Women shun elite police jobs


To the consternation of senior officers, policewomen are not applying for posts in firearms groups, marine units and fast vehicle response teams because they are repelled by their "entrenched culture of masculinity".

The findings come in the biggest-ever study of the role of women in British policing, which will force chief constables into a major re-think of their equal opportunities policies.

The research reveals that women officers working in a high-crime area of Newcastle upon Tyne arrested on average more dangerous house-breakers, car thieves and joy-riders than male officers.

The study's author, Louise Westmarland, a lecturer in criminology at the University of Teesside, said her findings dispelled the myth that women were allocated to quiet beats.

She said: "The men were getting more arrests for `non-crimes' like not having a tax-disc but the women were getting more of what are known in police circles as a `good pinch', the aggravated burglars and car thieves."

Dr Westmarland's three-year publicly-funded study involved a year spent shadowing officers in the Northumbria and Durham forces.

She found that the deep-rooted sexism, for which the police service has long been criticised, had been replaced by more subtle limitations on the career-paths of women.

Because of a scarcity of resources and the use of computers in allocating officers to jobs, uniformed women officers are likely to be given the same patrolling tasks as men.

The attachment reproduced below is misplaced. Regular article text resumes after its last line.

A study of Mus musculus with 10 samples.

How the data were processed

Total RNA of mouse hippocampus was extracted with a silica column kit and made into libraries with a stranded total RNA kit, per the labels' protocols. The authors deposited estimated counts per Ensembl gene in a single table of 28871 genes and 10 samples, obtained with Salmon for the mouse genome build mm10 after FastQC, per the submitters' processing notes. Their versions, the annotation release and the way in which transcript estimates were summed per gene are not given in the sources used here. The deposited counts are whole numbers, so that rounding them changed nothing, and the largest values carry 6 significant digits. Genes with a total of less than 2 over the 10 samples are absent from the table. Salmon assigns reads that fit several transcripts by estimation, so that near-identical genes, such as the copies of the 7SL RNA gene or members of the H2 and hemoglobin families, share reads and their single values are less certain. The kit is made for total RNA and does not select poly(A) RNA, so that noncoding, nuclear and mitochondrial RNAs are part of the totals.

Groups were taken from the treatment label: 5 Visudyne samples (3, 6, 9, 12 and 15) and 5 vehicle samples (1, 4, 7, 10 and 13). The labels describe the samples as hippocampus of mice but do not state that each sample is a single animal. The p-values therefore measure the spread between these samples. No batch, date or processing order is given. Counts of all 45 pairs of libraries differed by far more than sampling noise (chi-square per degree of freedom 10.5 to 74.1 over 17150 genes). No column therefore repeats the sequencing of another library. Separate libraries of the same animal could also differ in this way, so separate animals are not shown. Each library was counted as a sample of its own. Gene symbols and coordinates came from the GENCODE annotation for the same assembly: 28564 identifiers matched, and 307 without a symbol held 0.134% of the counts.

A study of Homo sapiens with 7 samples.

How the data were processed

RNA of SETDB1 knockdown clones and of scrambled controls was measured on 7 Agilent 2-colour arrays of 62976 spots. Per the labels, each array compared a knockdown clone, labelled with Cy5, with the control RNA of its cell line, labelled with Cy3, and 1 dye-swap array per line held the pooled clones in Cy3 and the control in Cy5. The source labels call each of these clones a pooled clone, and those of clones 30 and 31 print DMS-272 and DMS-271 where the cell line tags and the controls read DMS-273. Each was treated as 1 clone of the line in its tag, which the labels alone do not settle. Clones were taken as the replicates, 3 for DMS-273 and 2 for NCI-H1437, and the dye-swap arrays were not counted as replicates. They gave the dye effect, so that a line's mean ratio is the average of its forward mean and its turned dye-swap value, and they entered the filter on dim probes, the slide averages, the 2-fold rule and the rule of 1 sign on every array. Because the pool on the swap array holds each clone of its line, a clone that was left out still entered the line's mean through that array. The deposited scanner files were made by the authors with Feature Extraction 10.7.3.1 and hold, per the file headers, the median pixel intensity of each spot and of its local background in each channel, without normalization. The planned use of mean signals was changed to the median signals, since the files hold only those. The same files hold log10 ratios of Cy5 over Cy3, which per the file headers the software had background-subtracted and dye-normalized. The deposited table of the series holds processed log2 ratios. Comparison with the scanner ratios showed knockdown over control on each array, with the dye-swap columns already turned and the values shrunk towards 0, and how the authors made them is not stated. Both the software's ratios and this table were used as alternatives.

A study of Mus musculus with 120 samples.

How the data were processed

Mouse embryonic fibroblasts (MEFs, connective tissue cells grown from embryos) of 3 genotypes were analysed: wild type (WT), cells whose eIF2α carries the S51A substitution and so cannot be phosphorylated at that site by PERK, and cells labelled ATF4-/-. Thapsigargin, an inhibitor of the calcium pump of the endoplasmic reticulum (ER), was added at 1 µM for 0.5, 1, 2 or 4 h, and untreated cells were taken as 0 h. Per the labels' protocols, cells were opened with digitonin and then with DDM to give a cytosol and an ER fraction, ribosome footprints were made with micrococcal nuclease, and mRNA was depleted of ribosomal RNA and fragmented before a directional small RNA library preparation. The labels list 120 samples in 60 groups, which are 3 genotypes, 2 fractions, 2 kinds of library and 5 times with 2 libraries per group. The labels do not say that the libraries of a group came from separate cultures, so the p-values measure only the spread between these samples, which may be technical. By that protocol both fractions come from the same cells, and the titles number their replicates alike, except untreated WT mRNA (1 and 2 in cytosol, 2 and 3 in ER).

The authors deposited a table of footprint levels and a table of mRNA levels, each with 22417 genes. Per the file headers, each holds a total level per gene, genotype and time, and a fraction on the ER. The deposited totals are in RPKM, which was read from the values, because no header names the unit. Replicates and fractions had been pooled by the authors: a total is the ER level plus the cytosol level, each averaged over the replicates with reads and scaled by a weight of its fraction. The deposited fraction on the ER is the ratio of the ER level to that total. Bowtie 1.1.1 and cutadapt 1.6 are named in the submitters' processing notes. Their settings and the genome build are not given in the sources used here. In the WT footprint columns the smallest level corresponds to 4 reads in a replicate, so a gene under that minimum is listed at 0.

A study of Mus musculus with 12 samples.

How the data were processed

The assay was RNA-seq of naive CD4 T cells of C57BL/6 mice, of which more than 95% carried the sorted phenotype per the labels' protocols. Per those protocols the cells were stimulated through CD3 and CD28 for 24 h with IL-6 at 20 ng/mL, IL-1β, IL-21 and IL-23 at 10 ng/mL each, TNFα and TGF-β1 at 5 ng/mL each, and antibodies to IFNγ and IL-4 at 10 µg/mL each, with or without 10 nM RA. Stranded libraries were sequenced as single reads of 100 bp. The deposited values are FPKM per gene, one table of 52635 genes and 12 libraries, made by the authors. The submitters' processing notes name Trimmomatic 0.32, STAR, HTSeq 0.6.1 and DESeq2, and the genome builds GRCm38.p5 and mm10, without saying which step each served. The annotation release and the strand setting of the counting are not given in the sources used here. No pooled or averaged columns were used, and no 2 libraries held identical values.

But the opportunities for promotion are still marked out in terms of gender. While women officers were happy to further their careers by applying for jobs in the Child and Family Protection unit, or more office-based sections like the fraud squad or the training department, the "guns, cars and horses" were still seen as a male domain, said Dr Westmarland.

"It's not the old story of a sexist conspiracy," she said. "In actual fact the reverse is true. The managers would love to see more women in these posts but the current culture in these units is attractive to men and unattractive to women."

She explained that the modern police ethos of "service" instead of "force" had ushered in a feminisation of the police with more emphasis on community care and "less on breaking down doors".

The process had driven some male officers to seek out masculine havens where they could practise traditional male pursuits of shooting, driving and chasing.

She said: "These men don't have to cope with the force being more feminized. They can continue to exist in an exclusively male enclave."

Dr Westmarland, whose research will be published as a book in the new year, said only radical measures to break-up this entrenched culture would encourage women into the specialist branches of work.

Her report states that females comprised only 3% of Northumbria's specialist units although they made up 14% of the force. Only one of the 12 firearms officers was a woman and only three of the 160 traffic officers.

The only armed female officer was described by colleagues as "just like one of the lads". Others were concerned by the idea of a female boss. One constable said: "What you don't need is someone who is supposed to be in charge of a firearms incident, way out of her depth, not knowing what to do, her voice going higher and higher, about to burst into tears - it's putting everyone at risk."

Traffic officers recounted a story of a female officer - "eight and a half stone in her nylons" - who handcuffed an 18-stone miner, only to be picked up and carried off.